Republicans and conservatives are trying to grapple with the Obama administration's $3,600,000,000,000 federal budget--let's include the zeroes rather than use the trivializing abbreviation $3.6 trillion--and the larger-than-previously-projected $1,841,000,000,000 budget deficit. Political arguments are usually won not by numbers but by moral principles. And conservatives, banished by voters from high office, are having a hard time agreeing on a moral case.
The always thoughtful David Brooks complains in his New York Times column that Republicans learned the wrong lessons from John Ford's classic Western movies. They should not be "the party of untrammeled freedom and maximum individual choice," but rather "once again the party of community and civic order." They should not celebrate the lonely hero that saves the town, but the everyday people who build the voluntary associations that Alexis de Tocqueville identified as the chief strength of America back in the 1830s.
But Brooks errs when he suggests that in opposing administration policies Republicans are betraying community and civic order. For the policies of the Obama administration are not designed to shelter and nourish what Edmund Burke called the "little platoons." They are designed to subject them to what Tocqueville called "soft despotism," which he identified as the natural tendency and potentially fatal weakness of American democracy.
Our would-be soft despots are offering Americans money and the promise of security against economic distress. The vastly increased cost of government will nonetheless nearly leave half of households free from the burden of paying federal income tax and eligible for occasional rebates. As the CNN reporter Susan Roesgen said to a Tea Party protester, "Don't you realize that you're eligible for a $400 tax cut?"
In other words, take the money and shut up. Which brings to mind Tocqueville's warning: "Every measure which establishes legal charity on a permanent basis and gives to it an administrative form creates thereby a class unproductive and idle, living at the expense of the class which is industrious and given to work."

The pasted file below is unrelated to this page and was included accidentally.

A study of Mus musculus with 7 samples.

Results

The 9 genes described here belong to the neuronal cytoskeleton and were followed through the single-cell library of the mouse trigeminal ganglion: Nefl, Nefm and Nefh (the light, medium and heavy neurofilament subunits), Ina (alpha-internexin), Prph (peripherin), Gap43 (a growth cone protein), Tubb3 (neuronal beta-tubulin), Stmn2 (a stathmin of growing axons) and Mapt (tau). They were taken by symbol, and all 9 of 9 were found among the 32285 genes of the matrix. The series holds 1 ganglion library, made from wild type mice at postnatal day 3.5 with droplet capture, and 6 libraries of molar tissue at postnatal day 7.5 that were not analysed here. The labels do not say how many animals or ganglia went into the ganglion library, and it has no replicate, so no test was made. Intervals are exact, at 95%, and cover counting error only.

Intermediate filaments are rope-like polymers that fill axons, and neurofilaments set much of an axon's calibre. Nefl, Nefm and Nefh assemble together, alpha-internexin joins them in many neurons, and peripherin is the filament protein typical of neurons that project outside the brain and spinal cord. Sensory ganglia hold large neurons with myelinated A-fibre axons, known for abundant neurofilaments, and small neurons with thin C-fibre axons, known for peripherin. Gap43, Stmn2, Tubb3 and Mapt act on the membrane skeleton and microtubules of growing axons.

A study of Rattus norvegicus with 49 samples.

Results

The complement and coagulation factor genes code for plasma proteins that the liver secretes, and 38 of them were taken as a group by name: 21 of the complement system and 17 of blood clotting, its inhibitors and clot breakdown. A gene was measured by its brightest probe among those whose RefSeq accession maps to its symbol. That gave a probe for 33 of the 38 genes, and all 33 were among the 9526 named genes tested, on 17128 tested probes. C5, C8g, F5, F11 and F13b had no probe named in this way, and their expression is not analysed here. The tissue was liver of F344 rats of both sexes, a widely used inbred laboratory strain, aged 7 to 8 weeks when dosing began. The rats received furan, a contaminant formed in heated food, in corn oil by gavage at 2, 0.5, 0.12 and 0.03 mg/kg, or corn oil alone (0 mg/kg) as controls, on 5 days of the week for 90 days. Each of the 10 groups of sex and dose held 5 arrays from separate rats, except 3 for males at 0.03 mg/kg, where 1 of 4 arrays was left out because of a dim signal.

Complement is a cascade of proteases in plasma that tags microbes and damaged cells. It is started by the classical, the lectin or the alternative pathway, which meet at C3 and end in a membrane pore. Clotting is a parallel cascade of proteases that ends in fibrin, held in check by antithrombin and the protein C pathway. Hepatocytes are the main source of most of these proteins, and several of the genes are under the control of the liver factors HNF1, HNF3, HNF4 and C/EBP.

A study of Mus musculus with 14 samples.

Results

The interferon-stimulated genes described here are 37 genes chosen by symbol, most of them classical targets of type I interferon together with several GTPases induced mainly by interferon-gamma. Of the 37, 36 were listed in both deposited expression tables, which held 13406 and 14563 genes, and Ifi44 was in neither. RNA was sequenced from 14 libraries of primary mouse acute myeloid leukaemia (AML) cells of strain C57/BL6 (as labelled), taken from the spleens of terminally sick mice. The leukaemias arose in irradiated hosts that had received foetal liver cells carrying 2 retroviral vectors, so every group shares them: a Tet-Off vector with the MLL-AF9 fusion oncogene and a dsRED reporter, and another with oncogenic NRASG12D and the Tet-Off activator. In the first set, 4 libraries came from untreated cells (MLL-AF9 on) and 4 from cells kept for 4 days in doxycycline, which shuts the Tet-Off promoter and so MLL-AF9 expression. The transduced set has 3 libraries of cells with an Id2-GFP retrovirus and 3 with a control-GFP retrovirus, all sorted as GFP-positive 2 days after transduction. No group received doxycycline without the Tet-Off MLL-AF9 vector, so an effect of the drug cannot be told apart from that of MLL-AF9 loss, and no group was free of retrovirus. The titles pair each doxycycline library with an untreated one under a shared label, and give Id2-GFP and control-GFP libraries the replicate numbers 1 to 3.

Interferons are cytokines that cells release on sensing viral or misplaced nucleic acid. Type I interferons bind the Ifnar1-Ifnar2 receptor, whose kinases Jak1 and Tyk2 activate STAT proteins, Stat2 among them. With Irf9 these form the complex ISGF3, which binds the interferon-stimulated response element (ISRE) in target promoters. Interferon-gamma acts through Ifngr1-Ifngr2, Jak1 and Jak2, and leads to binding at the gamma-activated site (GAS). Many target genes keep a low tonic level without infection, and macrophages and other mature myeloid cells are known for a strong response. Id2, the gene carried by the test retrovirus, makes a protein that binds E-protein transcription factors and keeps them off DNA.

The Obama administration is assiduous in the protection of this administrative class. It offers $6,800,000,000 to the state of California on one hand, and then threatens to take it back because the state cut the pay of public employee union members by $74,000,000.
The government gives JPMorganChase $25,000,000,000, and then insists that it give up in the Chrysler deal what it would ordinarily receive in bankruptcy proceedings and turn it over to fund the health care benefits of United Auto Worker retirees.
The policy proposals of the Obama administration are portrayed by Brooks as addressing the concerns of middle-income people uneasy about the workings of capitalism. But they are not aimed at giving these people more control and choices over the course of their lives; rather the contrary. The medical treatment they would receive under a government health insurance plan would be determined by centralized experts making decisions based on "comparative effectiveness research," which tends to produce different results from month to month. Their pay and working conditions would be determined, under the unions' card check bill, by federal arbitrators. The cost of their electricity and the size of their cars could well be determined by officials at the Environmental Protection Agency.
No doubt most of these centralized experts will have good intentions. But they will also have imperfect information and a lack of accountability. "As Tocqueville recognized long ago," Hillsdale College's Paul Rahe writes in "Soft Despotism, Democracy's Drift," "human dignity is bound up with taking responsibility for conducting one's own affairs."
In the course of doing so, it becomes clear that voluntary associations, market capitalism and moral virtues are interlinked. American Enterprise Institute President Arthur Brooks argues in the Wall Street Journal that Tea Party protesters were expressing the "ethical populism" of "homeowners who didn't walk away from their mortgages, small-business owners who don't want corporate welfare and bankers who kept their heads during the frenzy and don't need bailouts."
Arthur Brooks makes the moral case against bailout politics and crony capitalism, a case that should appeal to the Western moviefolks David Brooks writes about. Republicans are not perfectly positioned politically to make this case; the bailouts did start last fall. But voters will not be swayed just by rows of zeroes. They may be moved if they see that people are not getting their just deserts.
Michael Barone is a resident fellow at AEI.